To promote and test her ideas, Wilhelmina Drucker throughout her life contributed to the current political discourse in various ways: through lectures, by interpellations at meetings, by engaging in polemics, and by launching her own periodicals. She would form alliances with existing movements if such would facilitate progress; otherwise she would either start her own initiatives, committees, and associations, or encourage others to do so.
In the same vein, around the mid-1880s, Drucker joined the socialist movement, only to find that gender equality would be better served by an independent body – the Vrije Vrouwenvereeniging (Free Women’s Association, VVV, 1889) – and an independent periodical – Evolutie (Evolution, 1893). In between, she even managed to export the concept of feminist autonomy to Belgium. At the 1891 International Socialist Congress in Brussels, Drucker and the VVV which she represented there, caught the eye of the socialist women present as well as the Belgian press. Shortly after, the Socialistische Propagandaclub voor Vrouwen (Socialist Propaganda Club for Women) within the Belgian Workers Party followed the VVV’s example and, with the aid of Drucker, set on a more independent course. And in 1892, actively endorsed by Drucker, the first independent Belgian women’s organization, the Ligue belge du droit des femmes, was formed.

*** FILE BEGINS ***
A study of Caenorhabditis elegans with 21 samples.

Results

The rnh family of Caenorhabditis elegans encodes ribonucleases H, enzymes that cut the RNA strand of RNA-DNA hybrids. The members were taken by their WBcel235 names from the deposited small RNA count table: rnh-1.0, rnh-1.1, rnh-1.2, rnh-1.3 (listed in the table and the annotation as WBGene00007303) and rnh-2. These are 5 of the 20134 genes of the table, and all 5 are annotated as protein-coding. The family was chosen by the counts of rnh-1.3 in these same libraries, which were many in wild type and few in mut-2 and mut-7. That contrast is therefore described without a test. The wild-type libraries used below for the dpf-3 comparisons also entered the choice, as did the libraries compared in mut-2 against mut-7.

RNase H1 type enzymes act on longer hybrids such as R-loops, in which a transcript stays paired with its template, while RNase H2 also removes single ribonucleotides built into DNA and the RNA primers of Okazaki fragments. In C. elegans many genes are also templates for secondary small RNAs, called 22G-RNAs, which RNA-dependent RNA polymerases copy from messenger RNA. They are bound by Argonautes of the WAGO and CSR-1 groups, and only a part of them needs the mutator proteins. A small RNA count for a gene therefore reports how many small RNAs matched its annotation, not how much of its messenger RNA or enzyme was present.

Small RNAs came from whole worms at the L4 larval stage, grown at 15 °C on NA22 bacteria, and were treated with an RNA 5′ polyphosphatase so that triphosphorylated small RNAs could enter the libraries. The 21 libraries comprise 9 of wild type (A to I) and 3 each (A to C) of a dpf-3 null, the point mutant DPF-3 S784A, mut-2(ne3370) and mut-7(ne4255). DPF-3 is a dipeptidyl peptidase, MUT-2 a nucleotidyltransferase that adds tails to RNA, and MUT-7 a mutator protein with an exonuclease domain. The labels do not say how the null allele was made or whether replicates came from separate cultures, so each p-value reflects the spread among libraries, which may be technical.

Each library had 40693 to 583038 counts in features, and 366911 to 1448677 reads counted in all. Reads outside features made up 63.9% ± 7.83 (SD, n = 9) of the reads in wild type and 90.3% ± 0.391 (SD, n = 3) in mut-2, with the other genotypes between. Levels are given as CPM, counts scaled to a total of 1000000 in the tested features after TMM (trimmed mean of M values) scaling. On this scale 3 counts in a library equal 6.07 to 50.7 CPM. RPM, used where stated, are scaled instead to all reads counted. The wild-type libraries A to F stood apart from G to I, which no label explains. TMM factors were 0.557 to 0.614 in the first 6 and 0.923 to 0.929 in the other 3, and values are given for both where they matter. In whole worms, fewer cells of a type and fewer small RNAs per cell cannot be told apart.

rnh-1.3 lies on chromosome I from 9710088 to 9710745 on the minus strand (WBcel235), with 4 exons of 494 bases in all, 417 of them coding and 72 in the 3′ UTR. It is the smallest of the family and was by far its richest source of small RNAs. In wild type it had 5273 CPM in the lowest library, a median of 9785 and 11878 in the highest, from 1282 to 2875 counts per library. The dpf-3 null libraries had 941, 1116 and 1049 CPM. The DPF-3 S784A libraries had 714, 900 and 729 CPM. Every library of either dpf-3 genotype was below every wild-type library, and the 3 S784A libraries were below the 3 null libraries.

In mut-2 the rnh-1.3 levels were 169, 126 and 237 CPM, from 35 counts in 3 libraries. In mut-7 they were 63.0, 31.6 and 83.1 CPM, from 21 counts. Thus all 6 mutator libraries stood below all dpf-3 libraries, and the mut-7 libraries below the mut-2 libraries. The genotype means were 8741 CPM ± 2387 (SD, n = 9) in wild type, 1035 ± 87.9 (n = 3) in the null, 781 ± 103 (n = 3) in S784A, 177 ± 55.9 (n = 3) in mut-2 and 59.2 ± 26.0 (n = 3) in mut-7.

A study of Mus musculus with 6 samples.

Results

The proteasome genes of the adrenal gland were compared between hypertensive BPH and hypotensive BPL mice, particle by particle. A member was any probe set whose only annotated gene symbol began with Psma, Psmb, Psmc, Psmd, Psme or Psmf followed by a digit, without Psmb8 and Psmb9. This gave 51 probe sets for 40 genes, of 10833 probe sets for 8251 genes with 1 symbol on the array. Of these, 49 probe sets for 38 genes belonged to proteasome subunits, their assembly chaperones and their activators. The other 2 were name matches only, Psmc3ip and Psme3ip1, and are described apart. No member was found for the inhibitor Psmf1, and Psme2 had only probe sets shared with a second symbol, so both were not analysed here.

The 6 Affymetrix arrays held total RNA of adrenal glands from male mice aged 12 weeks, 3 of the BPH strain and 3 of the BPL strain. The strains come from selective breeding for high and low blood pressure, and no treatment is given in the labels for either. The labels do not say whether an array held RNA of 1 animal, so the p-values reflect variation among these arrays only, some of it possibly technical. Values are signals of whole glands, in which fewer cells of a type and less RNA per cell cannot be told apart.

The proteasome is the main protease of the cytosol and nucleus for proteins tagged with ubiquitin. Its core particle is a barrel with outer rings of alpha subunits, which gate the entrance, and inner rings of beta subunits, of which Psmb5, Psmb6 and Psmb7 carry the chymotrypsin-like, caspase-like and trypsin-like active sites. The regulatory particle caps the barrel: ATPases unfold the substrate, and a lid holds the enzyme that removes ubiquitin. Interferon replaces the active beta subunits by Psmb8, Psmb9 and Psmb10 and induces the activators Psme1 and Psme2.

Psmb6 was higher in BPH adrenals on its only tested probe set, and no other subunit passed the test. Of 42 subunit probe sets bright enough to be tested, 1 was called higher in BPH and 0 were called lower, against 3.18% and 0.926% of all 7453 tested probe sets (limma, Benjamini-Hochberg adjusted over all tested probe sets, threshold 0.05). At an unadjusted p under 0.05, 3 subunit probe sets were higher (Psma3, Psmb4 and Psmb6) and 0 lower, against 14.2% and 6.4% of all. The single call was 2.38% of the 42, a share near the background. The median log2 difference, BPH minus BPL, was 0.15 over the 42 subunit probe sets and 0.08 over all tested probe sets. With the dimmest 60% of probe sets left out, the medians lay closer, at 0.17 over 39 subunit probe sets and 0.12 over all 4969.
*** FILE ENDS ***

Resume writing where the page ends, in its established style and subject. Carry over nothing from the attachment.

To promote women’s suffrage, according to Drucker, an association of all currents was required (instead of a limited radical feminist body of kindred spirits) and eventually, in 1894, the Vereeniging voor Vrouwenkiesrecht (Association for Women’s Suffrage, VVK) came into being. But as soon as, to Drucker’s taste, the association began to identify itself with one predominant political (i.e. the liberal) movement, she parted with the VVK to found the Neutrale Vereeniging voor Vrouwenkiesrecht (Neutral Association for Women’s Suffrage) in 1916.
To improve women’s economic security on the labour market, Drucker supported the formation of women’s unions. Also, she came up with a plan for a Dutch contribution to the women’s section of the 1897 Brussels World Fair, which would eventually materialize as the Nationale Tentoonstelling van Vrouwenarbeid (National Exhibition of Women’s Labour) in The Hague, in 1898. Opposed to any protective labour legislation that would single out women, she established, together with Marie Rutgers-Hoitsema, the Nationaal Comité inzake Wettelijke Regeling van Vrouwenarbeid (National Committee on Women’s Labour Legislation) and inspired international coalitions in the same field within the International Correspondence (International Women’s Labour Association).
It is typical of Wilhelmina Drucker that, while being a pivotal force in many of her own initiatives, she remained a highly esteemed committee member of a great number of other women’s organizations as well.